Tom and I can never say “no” to a food challenge. If you dare us to eat that chocolate-covered grasshopper, we eat it. If you tell us we can’t finish that sandwich, we finish it. And if you send us a crazy vintage recipe, we make it.
No one knows this better than Mimi from 1972: The Retro WW Experiment, Yinzerella from Dinner is Served 1972, Erica from Retro Recipe Attempts and Brian from Caker Cooking. When they sent me an email asking if Tom and I wanted to be part of a cookbook challenge, our answer wasn’t just “Yes”, it was “Why haven’t you sent us a recipe already?”
The theme of this challenge is one that I was really excited about. The name of the game this time around was Church Lady Casserole Challenge and I couldn’t have been happier. Especially because it didn’t have any gelatin in it. I’ve about had it with gelatin, thank you very much.
So, the Church Lady recipes were submitted. Numbers were drawn. Assignments were given. And it was time to start cooking.
And it turned out that we had Erica to thank for the recipe we were sent: Sausage Apple Noodle Casserole.
This lovely thing is from Festival ’77 Garden of Eatin’ (the Parish Cookbook of the by Church of the Ascension, Virginia Beach VA), and was written/contributed by Georgia Perron. Erica was especially taken by the way Eve is depicted giving Adam an apple pie on the cover of this book. Charming.
Well, this time we aren’t frying up a bunch of liver and then pulverizing it in a blender, so we really don’t have much to talk about.
Except one thing.
What exactly is a Church Lady Cookbook?
They are, quite simply, the compilation cookbooks put out by churches, schools and organizations everywhere. They are simple, usually contain no or very few photos, and are sold for charity purposes. The recipes in these cookbooks are sent in by members of the church (Or school. Or organization.) and are usually typed (with a typewriter) but can also be handwritten. They are divided into simple categories, usually without an index, and bound with a spiral or stapled together.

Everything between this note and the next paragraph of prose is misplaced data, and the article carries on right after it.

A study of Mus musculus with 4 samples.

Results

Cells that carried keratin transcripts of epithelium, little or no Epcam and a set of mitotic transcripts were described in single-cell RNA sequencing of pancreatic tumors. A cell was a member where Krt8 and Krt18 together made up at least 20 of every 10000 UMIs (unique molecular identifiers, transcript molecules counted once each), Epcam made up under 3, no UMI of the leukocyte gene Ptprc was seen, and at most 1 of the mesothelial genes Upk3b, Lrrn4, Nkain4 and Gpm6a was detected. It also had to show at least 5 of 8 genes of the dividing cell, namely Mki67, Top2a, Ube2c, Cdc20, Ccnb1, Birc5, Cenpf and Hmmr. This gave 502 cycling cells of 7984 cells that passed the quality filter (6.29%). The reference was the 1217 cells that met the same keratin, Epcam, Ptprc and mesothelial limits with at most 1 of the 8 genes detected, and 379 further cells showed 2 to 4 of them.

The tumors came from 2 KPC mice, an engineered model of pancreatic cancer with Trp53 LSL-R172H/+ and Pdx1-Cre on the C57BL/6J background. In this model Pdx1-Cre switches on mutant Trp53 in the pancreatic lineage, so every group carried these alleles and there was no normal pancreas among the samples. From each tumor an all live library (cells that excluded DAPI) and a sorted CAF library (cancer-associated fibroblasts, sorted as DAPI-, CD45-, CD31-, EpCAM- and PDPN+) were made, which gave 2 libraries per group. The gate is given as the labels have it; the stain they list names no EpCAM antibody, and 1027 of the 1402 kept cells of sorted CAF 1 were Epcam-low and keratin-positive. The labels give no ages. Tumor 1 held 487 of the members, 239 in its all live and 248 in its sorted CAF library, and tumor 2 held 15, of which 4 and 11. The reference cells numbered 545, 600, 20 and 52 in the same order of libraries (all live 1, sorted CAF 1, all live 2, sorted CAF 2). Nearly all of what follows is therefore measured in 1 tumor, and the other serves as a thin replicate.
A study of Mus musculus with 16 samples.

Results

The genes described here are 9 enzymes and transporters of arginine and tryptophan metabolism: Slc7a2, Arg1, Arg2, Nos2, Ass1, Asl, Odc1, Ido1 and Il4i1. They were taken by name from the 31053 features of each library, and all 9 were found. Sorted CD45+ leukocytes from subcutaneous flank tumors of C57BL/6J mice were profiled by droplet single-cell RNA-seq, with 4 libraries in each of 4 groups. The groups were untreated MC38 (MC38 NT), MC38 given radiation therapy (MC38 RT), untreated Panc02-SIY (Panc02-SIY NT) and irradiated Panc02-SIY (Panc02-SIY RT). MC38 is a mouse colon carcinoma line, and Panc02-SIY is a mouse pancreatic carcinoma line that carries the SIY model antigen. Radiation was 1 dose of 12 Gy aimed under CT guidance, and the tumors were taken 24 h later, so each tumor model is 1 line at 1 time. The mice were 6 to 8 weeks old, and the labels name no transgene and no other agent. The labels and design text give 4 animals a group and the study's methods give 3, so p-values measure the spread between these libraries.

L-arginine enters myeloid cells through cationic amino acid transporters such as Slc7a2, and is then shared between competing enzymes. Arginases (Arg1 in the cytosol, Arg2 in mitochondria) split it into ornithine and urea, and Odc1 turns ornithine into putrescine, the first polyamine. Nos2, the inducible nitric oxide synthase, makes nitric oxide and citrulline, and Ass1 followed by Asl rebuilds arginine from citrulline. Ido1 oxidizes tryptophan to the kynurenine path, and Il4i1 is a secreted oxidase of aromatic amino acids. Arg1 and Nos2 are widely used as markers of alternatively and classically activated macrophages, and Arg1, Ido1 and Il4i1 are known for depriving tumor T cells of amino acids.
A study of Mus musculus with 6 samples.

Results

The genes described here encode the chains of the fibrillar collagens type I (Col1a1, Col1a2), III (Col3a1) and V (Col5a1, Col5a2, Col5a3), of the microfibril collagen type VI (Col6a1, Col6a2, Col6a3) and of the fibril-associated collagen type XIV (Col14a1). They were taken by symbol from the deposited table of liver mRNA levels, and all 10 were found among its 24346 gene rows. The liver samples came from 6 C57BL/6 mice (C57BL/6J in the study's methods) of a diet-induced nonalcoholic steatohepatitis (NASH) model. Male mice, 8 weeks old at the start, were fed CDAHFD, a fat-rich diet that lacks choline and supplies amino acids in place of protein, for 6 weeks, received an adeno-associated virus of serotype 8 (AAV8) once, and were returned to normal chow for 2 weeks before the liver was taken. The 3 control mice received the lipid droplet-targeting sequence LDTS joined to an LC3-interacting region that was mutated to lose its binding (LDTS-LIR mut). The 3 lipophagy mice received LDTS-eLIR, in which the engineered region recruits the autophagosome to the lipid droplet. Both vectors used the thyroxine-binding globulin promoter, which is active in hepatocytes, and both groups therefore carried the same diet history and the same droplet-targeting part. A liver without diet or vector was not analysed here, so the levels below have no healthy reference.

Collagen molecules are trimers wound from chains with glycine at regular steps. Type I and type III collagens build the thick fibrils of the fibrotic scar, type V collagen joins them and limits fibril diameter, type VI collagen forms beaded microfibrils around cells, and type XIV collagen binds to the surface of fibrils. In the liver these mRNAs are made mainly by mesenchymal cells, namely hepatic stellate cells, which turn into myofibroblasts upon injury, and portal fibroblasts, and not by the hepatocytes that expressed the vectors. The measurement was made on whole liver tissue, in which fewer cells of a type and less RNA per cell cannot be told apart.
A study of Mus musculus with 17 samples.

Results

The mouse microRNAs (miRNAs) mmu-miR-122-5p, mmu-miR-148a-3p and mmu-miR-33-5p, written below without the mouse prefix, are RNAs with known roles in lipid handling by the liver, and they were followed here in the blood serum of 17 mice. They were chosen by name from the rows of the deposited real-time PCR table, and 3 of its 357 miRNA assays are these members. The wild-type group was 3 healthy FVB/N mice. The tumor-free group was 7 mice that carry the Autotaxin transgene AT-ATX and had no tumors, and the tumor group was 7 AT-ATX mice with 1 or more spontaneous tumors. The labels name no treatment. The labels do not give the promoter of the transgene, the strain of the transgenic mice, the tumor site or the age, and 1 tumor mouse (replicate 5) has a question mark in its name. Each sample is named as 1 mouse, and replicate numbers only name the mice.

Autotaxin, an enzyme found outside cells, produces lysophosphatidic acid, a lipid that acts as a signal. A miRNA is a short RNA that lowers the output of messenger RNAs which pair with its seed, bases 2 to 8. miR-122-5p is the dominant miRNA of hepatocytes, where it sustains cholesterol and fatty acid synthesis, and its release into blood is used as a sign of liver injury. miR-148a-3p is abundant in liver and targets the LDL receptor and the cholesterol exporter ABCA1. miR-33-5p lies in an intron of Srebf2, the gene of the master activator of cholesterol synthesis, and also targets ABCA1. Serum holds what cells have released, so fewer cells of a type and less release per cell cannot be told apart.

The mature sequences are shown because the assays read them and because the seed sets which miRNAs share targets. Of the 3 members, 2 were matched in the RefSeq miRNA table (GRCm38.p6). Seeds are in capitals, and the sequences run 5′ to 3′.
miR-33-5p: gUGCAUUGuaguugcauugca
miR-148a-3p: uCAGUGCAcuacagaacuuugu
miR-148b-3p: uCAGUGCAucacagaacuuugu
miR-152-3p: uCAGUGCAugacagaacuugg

They are also some of the best cookbooks out there.
If you think about it, no one was about to send in a recipe they thought was less than stellar for their entry into their church’s cookbook. Oh no. A compilation cookbook was a homemaker’s time to shine. A lot of the time the recipe titles are things like, “My Best Meatloaf” or “Edna Perkin’s Famous Chocolate Cake.” This was not the time for Edna Perkins to use her second best cake. She was going to send her absolute best cake. The famous cake. The one that is going to sell cookbooks.
More than likely, Georgia Perron submitted this casserole because her husband and children liked it the best, or because she got the most compliments on it when she served it for bridge club, or because she would regularly bring this casserole over to sick or mourning households.
Compilation cookbooks are a great way to see the culture of an area, the most popular ingredients of the time, and who was the best baker in Middle of Nowhere, Texas, 1955.
Granted, that doesn’t always mean that ALL recipes in any given compilation cookbook are actually good. Some people might have strange tastes, some people may be too dependent on the can opener, and some people, God bless them, just can NOT cook.
And now it’s time to find out if Georgia Perron can cook.
“It tastes like salt”.”
“Really? Is it bad?”
“No. It’s plain. Tastes like noodles. With salt and nutmeg on them. But not bad at all.”
The Verdict: Good
From Tom’s Tasting Notes:
Tastes like a mix of sausage, salt, egg noodles and some occasional applesauce. Actually, it really isn’t applesauce-tasting so much as it tastes like nutmeg. Bland, but not bad at all. Flavors mix well. Oddly, when we reheated this casserole it tasted like a McDonald’s Sausage McMuffin without the egg. Strange.
If you want to see what everyone else made for the challenge, be sure to head over to their blogs!